Why Ramit Sethi Believes This Piece of Housing Advice Is 'Financial Propaganda'
- Ramit Sethi says the idea that house prices always go up is financial propaganda.
- He also doesn't agree with those who say renting is throwing money away.
- Oversimplifications like these give people inaccurate ideas about buying a home.
The personal finance advisor frequently challenges the conventional wisdom on housing.
"House prices always go up. You're throwing money away by renting, and paying your landlord's mortgage while you're at it." Odds are that you've heard this oft-repeated financial advice before.
To Ramit Sethi, author of I Will Teach You To Be Rich, it's not financial advice. It's financial propaganda. He says renting can be a better choice than buying a home, and house prices don't always go up. Recently, he compared buying a house to buying a car, because the minute you make the purchase, you're underwater.
Considering how often we hear about the importance of owning a home, Sethi's take might seem way off. But he makes some good points that are worth thinking about, especially if you're debating whether to buy or rent.
House prices don't always go up
It's amazing how it's so widely accepted that house prices will always rise when we just had a housing crash less than 20 years ago. Real estate, like any other market, goes through its ups and downs. Some experts even say we're in a housing recession right now.
Now, one could make the argument that given enough time, real estate prices will go up. That's true, but there is a counterpoint that home buyers need to know.
The real estate market might rise as a whole, but this varies quite a bit from home to home. Some houses could double in value over the next decade. Others might only go up by about 10% or not increase in value at all.
That's the problem with the idea that house prices always go up. It can give you a false sense of security in what you're buying. When you own a home, it's not the entire market that matters, it's the value of your specific home. To come out ahead, you need your home's value to rise more than it's costing you in maintenance, repairs, interest to your mortgage lender, and so on.
"The minute you buy a house, you're underwater"
A common saying about buying a new car is that as soon as you drive it off the lot, you're underwater. It's no longer new, so it's worth less. If you paid for it with an auto loan, then you could be in debt for more than the car is now worth.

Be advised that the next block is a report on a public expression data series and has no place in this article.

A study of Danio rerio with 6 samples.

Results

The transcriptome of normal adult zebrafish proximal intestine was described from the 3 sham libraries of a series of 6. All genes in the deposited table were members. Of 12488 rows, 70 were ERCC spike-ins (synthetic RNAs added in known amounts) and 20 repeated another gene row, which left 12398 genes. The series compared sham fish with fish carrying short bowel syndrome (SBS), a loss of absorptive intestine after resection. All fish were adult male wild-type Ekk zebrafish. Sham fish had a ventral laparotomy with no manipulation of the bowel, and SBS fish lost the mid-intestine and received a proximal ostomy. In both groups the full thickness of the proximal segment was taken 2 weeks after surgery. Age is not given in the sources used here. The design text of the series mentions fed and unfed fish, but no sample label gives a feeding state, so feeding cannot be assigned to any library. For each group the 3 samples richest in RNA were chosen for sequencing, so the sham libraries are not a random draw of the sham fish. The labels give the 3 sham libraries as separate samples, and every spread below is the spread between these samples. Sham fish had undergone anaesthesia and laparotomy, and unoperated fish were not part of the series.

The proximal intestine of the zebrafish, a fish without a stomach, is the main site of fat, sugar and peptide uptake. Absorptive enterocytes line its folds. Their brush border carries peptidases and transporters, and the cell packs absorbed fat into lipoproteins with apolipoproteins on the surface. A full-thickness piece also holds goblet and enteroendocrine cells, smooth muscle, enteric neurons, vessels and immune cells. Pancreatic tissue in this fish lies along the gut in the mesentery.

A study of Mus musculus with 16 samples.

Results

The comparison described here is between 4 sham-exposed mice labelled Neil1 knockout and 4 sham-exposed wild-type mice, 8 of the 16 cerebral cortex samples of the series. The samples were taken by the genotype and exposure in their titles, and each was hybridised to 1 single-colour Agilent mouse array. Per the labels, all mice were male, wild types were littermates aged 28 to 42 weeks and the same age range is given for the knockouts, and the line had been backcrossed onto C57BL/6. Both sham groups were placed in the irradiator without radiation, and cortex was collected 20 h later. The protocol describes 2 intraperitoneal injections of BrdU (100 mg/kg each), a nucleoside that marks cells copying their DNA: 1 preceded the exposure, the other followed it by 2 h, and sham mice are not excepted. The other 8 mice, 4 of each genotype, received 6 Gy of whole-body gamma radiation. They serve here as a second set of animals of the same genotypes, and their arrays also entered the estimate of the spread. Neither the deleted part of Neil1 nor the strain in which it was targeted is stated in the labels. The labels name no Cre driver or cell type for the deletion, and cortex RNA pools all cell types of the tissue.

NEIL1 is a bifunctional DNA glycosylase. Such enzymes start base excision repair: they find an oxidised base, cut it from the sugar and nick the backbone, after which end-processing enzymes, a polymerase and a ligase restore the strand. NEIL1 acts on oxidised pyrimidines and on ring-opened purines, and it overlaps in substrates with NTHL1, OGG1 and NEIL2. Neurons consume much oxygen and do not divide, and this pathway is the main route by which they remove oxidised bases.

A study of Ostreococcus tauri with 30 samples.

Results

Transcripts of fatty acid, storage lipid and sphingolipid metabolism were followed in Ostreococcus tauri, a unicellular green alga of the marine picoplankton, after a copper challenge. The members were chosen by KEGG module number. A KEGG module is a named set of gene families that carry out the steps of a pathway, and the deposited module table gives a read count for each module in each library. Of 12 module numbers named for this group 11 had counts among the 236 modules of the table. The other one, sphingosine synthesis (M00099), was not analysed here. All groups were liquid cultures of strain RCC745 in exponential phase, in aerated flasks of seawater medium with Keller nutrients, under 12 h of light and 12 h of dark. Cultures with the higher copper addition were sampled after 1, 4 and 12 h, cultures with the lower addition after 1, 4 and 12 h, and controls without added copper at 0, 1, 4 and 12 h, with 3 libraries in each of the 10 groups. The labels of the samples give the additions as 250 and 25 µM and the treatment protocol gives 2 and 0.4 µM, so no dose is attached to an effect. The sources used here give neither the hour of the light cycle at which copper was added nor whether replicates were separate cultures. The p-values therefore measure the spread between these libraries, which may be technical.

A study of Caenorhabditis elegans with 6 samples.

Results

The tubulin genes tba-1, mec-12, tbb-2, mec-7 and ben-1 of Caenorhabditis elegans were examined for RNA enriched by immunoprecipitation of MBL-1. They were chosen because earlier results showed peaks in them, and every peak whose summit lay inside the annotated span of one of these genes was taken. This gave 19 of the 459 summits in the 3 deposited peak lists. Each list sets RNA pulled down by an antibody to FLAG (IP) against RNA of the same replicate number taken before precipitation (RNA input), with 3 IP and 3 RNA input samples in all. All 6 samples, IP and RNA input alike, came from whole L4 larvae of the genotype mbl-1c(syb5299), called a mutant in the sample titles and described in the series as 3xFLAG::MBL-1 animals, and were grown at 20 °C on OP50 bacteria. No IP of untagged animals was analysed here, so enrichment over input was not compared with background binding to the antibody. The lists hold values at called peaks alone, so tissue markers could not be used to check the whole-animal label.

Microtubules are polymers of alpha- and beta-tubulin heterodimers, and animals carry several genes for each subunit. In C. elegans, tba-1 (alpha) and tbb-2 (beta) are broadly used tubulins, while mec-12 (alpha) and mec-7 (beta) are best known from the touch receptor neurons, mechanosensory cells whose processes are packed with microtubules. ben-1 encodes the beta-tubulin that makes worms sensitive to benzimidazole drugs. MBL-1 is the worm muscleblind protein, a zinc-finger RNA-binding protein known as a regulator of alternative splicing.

Sethi applied that same logic to buying a house, although it's not a perfect comparison. Houses don't immediately decrease in value like a new car, so you're not underwater because your house lost value. What puts you underwater are the closing costs you pay when buying a home. According to Zillow, these normally equal 2% to 5% of the purchase price of the home.
As you build home equity over time, it balances out and overtakes those extra fees you paid. Assuming your home grows in value enough, you'll eventually be at a point where you could make money by selling it.
This doesn't happen overnight, though. Sethi recommends only buying a home if you plan to live there for at least 10 years. The reality, as he puts it, is that "if you buy for a short period of time, when you factor in all costs, you will almost certainly lose money."
There's nothing wrong with renting or buying
Sethi sometimes gets pushback for being against home buying, but that's not really true. He's one of the most prominent financial personalities to go against the grain on some common advice, but he also says there's nothing wrong with buying a home. What's important is seeing if it makes sense for your financial situation and lifestyle.
Specifically, here are five guidelines Sethi recommends to decide you're ready to buy a home:
- You'll live there for at least 10 years. If so, it's far less likely that you'll lose money when selling your home after factoring in all the costs involved.
- Your total monthly housing costs will be lower than 28% of your gross monthly income. If they're higher, you could be overwhelmed with expenses. Sethi says there are some exceptions to this guideline, like if you live in a high-cost-of-living area.
- You've saved a 20% down payment. It's possible to buy a home with less, but Sethi recommends this number so you get into the habit of saving and avoid private mortgage insurance (PMI).
- You're okay if the value of your home goes down. Your home's price may go up, but if your main focus is investing, an index fund could provide a much greater return.
- You're excited about buying a home. A home purchase should be something that makes you happy. If you're doing it because people are pressuring you, it's better to keep renting.
If you want to buy a home and it fits your situation, that's great! But if you're perfectly happy with renting, or it's a better fit for you right now, there's nothing wrong with that, either. Base your decision on what works best for you, not cliche advice or what other people think you should do.